All too often, marketing messages get lost because they are packed like sardines with other marketing messages. There is no place that is less forgiving of that than a logo. A successful logo captures the essence of a company with one quick mark. According to Paul Rand, here's what a good logo must do.
- It should be timeless. It should be flexible so as the company evolves, the meaning behind the logo can evolve too.
- It should be a mark that can be interpreted by anyone, almost anywhere.
- It should send a clear message.
- It should work in all media, in all colors and black/white combinations.
- Above all else, it should be simple, recognizable and relevant.
How does your company's logo stack up?
If you're wondering who Paul Rand is, he's the man who designed some of the most recognized logos in our culture: UPS, Westinghouse and IBM.
In capturing the essence of a company, many of the world’s most memorable logos also tell a story. The Starbucks, FedEx, Nike, and Harley-Davidson logos all reflect some aspect of the company story in their design. The logo is instantly recognizable to people who buy the product (or who are thinking of buying the product), and some even wear it as a “badge of honour” indicating some sort of ownership and participation in the story.
Paul’s advice is timeless, and I like the way you addressed the importance of design to success in branding.
That’s awesome advice. Almost all of the corporate logos I can think of fit those characteristics. The ones for IBM, for example, are truly timeless. They’ve been around forever. What about some of the newer web2.0 logos? They don’t necessarily fit these descriptions but are enormously popular and recognized. Maybe they’re just a flash in the pan?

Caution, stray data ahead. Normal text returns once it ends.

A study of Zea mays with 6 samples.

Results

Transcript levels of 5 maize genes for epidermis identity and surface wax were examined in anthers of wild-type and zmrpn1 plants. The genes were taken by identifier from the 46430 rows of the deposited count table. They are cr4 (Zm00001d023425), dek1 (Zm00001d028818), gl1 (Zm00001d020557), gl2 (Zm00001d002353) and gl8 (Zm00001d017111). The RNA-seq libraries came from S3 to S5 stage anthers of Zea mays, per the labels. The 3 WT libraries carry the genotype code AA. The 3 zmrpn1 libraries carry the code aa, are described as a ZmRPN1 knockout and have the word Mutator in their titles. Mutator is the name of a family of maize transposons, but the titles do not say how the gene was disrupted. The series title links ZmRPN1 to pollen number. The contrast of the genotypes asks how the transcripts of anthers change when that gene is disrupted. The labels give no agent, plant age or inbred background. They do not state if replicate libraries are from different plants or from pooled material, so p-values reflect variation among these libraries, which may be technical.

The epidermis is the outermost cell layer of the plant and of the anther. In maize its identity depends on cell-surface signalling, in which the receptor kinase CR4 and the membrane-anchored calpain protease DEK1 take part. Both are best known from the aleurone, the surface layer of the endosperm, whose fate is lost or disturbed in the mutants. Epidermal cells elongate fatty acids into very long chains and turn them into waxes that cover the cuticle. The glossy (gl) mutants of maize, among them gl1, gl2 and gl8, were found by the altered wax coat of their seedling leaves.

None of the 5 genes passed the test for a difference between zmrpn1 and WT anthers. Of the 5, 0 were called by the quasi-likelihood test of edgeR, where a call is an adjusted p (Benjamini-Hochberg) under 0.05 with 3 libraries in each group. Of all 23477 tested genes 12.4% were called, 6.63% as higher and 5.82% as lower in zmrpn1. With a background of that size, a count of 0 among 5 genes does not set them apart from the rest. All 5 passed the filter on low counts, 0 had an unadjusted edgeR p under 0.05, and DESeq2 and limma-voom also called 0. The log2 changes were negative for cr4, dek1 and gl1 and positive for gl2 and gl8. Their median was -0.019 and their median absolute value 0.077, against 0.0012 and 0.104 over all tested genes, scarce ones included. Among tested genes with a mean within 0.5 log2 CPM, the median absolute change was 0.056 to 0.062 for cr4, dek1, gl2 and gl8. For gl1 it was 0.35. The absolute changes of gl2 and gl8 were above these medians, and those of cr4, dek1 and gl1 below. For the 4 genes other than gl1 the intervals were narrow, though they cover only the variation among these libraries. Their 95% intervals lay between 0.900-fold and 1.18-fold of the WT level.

Also, these logos are a main source of customer loyalty for people. People love brands and are willing to wear them on a hat or t-shirt. I think people can often be as loyal to a logo as they are to an actual product!
Regarding flexibility and timelessness, it’s interesting to see how such a classic (UPS) has been successfully modernized (at least in my mind) while keeping an eye on tradition.
Storytelling is such a vital part of every branding element. I always think of Harley and how people pay money to have their logo permanently attached to their body.
Now, that is a powerful logo with a story to tell!
When I think logos 2.0, Google comes to mind. I think it meets Paul’s criteria, don’t you?
I don’t know how old you are so you might not remember this but Coke came out with a line of clothes (must have been about 25 years ago) and ultimately the line didn’t work. But for a long time, it was cool to wear Coke. Whether you drank it or not. So your point is well taken.
Very true. Many of the iconic logos of the 40’s, 50’s and 60’s have been updated. I think the key is honoring the original and just making some minor tweaks.
Some people have really come out against the new UPS logo. What is it you like? (I think they did a pretty good job too.)